By Carolyn Kellogg
4:41 PM EDT, October 23, 2013
The marketing campaign for the November film "The Book Thief" is starting to gear up, and it has all the hallmarks of a Hollywood holiday prize contender. It's got a European setting, World War II drama, and its adult leads, Geoffrey Rush and Emily Watson, have been nominated for six Oscars among them, with Rush winning one.
And it has a requisite highbrow theme -- in this case, that words are important. "Just for a moment, imagine what the world would be like without words," says young star Sophie Nélisse in a promotional short for the film. "Without words, the world is nothing but a blank page," she says.
That point was driven home on Wednesday when the studio releasing the film, Fox, took out print ads that were nothing but blank pages.
"The Book Thief" is an adaptation of the 2006 novel by Markus Zusak. Being a literary adaptation makes it all the more likely to be in line for esteemed prizes in Hollywood -- except there's something unusual abut this one.
"The Book Thief" is for young adults, ages 12 and up.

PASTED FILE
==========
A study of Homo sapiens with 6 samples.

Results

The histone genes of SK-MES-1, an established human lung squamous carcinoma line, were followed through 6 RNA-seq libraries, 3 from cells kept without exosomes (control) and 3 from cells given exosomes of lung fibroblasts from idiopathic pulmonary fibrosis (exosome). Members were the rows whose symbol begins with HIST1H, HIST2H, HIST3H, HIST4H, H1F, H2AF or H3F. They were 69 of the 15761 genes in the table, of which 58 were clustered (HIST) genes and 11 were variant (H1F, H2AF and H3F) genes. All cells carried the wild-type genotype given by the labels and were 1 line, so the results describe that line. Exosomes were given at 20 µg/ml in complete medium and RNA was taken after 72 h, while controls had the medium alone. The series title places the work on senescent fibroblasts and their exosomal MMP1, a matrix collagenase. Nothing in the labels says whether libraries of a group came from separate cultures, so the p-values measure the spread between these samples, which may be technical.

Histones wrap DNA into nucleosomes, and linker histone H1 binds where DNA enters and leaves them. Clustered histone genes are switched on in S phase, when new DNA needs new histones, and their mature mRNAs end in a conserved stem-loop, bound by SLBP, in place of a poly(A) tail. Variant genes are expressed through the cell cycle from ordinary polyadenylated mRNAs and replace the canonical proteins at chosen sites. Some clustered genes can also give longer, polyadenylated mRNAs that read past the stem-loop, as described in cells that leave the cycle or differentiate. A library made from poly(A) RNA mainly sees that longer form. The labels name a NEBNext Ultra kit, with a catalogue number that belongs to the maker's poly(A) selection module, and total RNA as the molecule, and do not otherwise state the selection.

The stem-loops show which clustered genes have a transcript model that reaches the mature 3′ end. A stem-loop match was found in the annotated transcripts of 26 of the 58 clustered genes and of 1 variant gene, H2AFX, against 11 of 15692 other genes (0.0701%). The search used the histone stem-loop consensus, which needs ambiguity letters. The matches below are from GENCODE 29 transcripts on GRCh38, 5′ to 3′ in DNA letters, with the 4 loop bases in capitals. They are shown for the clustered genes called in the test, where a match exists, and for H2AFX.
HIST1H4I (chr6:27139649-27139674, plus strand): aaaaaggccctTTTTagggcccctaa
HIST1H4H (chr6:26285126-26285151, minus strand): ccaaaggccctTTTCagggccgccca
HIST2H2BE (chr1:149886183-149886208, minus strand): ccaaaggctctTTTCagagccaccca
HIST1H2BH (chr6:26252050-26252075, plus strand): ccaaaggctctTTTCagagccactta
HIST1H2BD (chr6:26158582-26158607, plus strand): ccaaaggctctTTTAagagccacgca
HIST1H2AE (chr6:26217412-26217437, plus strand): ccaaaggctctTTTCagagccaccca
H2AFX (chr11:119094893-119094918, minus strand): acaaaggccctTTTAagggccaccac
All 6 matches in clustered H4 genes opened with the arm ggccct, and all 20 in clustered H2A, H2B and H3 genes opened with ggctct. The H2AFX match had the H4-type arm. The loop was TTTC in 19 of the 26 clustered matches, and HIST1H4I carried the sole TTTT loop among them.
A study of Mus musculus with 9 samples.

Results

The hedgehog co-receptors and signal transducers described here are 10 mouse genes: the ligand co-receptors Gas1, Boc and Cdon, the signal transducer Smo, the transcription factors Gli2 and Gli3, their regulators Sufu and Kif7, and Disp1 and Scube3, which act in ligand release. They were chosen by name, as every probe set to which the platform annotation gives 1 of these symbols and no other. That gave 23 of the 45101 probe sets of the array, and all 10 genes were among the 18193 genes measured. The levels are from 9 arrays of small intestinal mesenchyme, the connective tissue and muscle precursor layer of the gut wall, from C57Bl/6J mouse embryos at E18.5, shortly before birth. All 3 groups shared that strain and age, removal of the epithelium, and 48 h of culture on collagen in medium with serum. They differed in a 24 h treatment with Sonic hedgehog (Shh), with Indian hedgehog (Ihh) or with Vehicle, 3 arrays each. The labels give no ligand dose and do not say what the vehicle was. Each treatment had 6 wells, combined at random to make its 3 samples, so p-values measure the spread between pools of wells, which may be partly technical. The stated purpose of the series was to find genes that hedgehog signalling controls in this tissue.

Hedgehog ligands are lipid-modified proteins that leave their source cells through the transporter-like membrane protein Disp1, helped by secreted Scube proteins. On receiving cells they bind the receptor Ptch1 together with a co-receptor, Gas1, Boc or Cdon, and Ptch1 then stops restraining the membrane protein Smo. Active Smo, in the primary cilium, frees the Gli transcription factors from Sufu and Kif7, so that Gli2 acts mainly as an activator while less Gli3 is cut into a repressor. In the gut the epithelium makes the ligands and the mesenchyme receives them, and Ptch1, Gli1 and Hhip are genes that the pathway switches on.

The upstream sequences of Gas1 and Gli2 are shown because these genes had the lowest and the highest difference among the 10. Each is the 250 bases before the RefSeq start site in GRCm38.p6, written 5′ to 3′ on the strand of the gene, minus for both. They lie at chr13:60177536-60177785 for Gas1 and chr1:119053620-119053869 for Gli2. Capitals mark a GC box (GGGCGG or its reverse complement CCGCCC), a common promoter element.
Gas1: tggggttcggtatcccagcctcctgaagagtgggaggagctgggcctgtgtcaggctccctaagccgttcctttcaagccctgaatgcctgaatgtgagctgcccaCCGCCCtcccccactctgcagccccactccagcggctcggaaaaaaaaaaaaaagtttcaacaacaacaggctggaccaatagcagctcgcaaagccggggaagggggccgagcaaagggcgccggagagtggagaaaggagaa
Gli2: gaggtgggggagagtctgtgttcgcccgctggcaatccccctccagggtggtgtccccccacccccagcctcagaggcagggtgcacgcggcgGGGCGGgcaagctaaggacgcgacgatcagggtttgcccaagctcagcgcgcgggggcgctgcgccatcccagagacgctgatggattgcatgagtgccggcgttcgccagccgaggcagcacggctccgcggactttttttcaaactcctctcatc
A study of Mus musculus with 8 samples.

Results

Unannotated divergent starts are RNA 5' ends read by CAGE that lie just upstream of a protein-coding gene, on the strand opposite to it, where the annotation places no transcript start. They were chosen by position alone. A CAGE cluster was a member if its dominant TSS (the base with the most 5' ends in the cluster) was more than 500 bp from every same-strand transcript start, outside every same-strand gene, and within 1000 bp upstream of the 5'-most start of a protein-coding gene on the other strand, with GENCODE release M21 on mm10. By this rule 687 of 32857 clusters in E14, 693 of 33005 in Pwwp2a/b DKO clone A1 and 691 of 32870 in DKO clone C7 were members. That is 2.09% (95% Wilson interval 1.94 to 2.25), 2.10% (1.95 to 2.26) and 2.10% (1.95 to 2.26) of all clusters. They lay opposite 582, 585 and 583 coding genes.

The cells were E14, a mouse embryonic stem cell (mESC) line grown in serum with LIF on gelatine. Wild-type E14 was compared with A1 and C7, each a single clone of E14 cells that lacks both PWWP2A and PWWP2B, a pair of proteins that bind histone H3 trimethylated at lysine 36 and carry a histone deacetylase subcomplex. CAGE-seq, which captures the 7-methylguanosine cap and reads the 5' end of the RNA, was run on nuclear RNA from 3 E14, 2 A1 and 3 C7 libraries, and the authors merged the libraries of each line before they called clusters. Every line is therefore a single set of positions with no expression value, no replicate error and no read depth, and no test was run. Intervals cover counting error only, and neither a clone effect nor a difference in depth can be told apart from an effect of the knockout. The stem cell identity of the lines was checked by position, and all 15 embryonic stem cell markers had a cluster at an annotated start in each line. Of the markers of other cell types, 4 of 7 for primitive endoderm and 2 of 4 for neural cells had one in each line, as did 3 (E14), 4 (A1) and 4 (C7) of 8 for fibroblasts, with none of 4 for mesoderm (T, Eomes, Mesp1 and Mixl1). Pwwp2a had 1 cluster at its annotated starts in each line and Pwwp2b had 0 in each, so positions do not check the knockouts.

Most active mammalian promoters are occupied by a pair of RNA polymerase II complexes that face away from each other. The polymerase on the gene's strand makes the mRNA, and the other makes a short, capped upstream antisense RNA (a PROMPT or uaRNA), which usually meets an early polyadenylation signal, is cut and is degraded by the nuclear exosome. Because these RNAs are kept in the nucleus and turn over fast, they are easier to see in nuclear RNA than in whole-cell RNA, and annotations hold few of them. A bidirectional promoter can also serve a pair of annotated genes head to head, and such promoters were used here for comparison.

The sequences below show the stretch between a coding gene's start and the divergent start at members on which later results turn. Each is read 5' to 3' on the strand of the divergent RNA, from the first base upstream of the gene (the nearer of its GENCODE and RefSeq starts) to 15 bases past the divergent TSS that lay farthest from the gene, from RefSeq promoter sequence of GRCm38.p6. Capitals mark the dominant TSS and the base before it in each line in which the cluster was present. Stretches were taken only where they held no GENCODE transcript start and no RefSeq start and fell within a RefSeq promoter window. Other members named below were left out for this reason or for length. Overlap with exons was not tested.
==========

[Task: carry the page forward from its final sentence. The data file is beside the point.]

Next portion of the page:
Young adult books have certainly been big in Hollywood. But in the past they've been adapted into age-appropriate hits, like the thrilling "Harry Potter" and "Hunger Games" series, or the spooky romance "Twilight" and its sequels.
The adaptation of "The Book Thief" is shooting for something different. IndieWire calls it an "Oscar contender," noting its tone of "heartwarming uplift."
The story is about an orphan girl who is adopted by a kindly German couple; they also take in a Jewish refugee, which the family must hide. She steals books during World War II, and learns the power of words, both good and bad.
That sounds like a valuable lesson, but perhaps a slightly juvenile one. How highbrow this YA book can get onscreen will be seen when it opens Nov. 15.